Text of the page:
Nymphing for Yellows

Since the KZN River catchments receive summer rainfall, the water can be discoloured at times during spring and summer. During warmer months of the year yellows feed with great enthusiasm and thoroughly enjoy the warm conditions. The problem fly fishers have with summer is that many of the rivers where yellows live are almost impossible to fish during the wet summer months. That’s because heavy rains turn them into wild raging torrents. This is particularly true for the Umkomaas River.

After first decent rain when currents speed up and water temperature increases fish start moving upriver to seek out spawning areas. A turn to heavier nymphs will then be the order of the day, and while many of the same patterns will remain effective Czech nymphing techniques are then most productive. Flies include a selection of heavily weighted Czech nymphs to imitate caddis and mayflies in size 8 - 14. These flies are only used when Czech nymphing or fishing a tandem rig in fast flowing water.

Czech Nymphing

First, the angler fishes very close to where the yellows lie in the river, with probably only about 2 to 4 metres of fly line out of the tip. Many using this technique do not use a fly-line at all. The flies are pretty large and must be heavy to get down to the bottom where the fish are feeding on nymphs. Despite the extra weight, flies are tied as slim as possible to ensure they sink fast. The heaviest fly is generally in the middle of the team of flies. The flies are vividly coloured, this does not mean that imitative flies are not used but mixing it up can produce great results. The flies are positioned 20 inches apart, with the heaviest fly typically in the middle position. The flies are tied on using droppers off the leader. This is usually accomplished by joining two sections of leader with a double surgeon’s or blood knot and leaving a tag hanging off. The most exact fly imitation is usually on the point of the team of two or three. The cast is nothing more than a lob of the weighted flies upstream. Don't try 'flicking' a short cast, i find the best method of 'casting' is (if right-handed) to face downstream, let the line drift down below you, and with the line tight and the rod-tip right at water level, do a 'back-cast', that turns into a forward cast as you swing your body to face upstream. Try pulling the flies downstream slightly faster than the speed of the current, this can be deadly when the dead drift isn’t and it puts a bit more life into the flies as the fish think that the insects are swimming downstream.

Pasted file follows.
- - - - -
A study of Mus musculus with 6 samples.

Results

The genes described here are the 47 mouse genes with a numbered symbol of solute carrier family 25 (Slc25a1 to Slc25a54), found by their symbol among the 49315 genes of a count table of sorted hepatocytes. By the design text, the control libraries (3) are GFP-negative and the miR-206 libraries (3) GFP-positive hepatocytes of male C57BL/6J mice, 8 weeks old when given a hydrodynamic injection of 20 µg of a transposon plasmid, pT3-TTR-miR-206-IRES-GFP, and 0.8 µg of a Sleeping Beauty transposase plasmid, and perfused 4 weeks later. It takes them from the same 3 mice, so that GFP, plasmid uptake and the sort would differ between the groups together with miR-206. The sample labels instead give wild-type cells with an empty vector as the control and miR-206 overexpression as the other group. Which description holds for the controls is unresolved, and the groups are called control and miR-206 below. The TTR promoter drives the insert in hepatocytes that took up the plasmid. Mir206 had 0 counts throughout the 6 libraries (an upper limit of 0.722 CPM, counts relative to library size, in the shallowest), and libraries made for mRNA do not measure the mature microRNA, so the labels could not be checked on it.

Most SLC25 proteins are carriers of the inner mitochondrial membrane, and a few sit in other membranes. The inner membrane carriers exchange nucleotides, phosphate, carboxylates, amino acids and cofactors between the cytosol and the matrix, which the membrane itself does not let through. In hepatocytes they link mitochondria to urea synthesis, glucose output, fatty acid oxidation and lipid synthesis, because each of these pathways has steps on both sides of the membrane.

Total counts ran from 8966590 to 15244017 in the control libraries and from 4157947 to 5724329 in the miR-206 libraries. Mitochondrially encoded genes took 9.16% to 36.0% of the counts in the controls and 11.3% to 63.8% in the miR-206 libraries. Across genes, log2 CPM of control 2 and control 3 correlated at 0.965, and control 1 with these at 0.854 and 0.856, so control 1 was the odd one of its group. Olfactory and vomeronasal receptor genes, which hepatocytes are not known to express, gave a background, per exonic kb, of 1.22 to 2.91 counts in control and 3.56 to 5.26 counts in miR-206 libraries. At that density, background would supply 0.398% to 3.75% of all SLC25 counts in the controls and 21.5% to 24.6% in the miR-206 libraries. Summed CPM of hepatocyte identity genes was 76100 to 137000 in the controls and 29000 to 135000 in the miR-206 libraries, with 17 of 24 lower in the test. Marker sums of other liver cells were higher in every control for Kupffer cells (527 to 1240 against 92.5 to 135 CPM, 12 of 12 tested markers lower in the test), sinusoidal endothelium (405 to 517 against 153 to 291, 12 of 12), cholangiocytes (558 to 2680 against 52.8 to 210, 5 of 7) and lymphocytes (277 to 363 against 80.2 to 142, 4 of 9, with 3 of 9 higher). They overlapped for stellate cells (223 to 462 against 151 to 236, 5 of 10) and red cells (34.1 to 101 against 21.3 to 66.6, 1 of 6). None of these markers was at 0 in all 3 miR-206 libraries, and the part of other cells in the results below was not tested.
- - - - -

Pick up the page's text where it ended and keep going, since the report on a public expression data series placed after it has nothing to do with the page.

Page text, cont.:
The typical set up for Czech Nymphing is a long rod rather than a shorter one, the ideal being a 10ft although a 9ft will do the job. You will need a 4/6wt rod, reel, 60 yards of 20lb backing and a floating line to match.Leaders are typically one length of line, not tapered. Fluorocarbon line is used, because it tends to sink faster. The leader is generally around 3 - 4 metres long and needs to be strong enough to account for the fact that these fish hit flies hard in strong currents and is hooked close to the angler.

When targeting these speedsters in slower, deeper water, upstream nymphing will bring results. Flies can be presented close to the surface, but it’s usually most productive when fished near or on the bottom. You can fish it with an indicator or tight line presentation. To achieve the right depth when fishing rivers, you may need to put the pheasant tail nymph as a dropper with a heavier fly on the point. Dead drift these nymphs, flies drifting at the same speed as the current will usually be your most effective way of connecting with yellows. 5wt fly rods are the norm, standard WF floating lines and reels loaded with 60 yards of 20lb backing will be sufficient. 3X nine foot tapered leaders and 3X, 4X monofilament tippet material are used. Some of the cleaner water will require longer fluorocarbon leaders of up to 16ft tapering down to 4x, 5x. Flies include smaller caddis and mayfly patterns in black and olive in sizes 14 – 18. Dry flies such as CDC Caddis, Elk Hair Caddis, Adams and Trico Spinners in sizes14 – 16 will have most bases covered.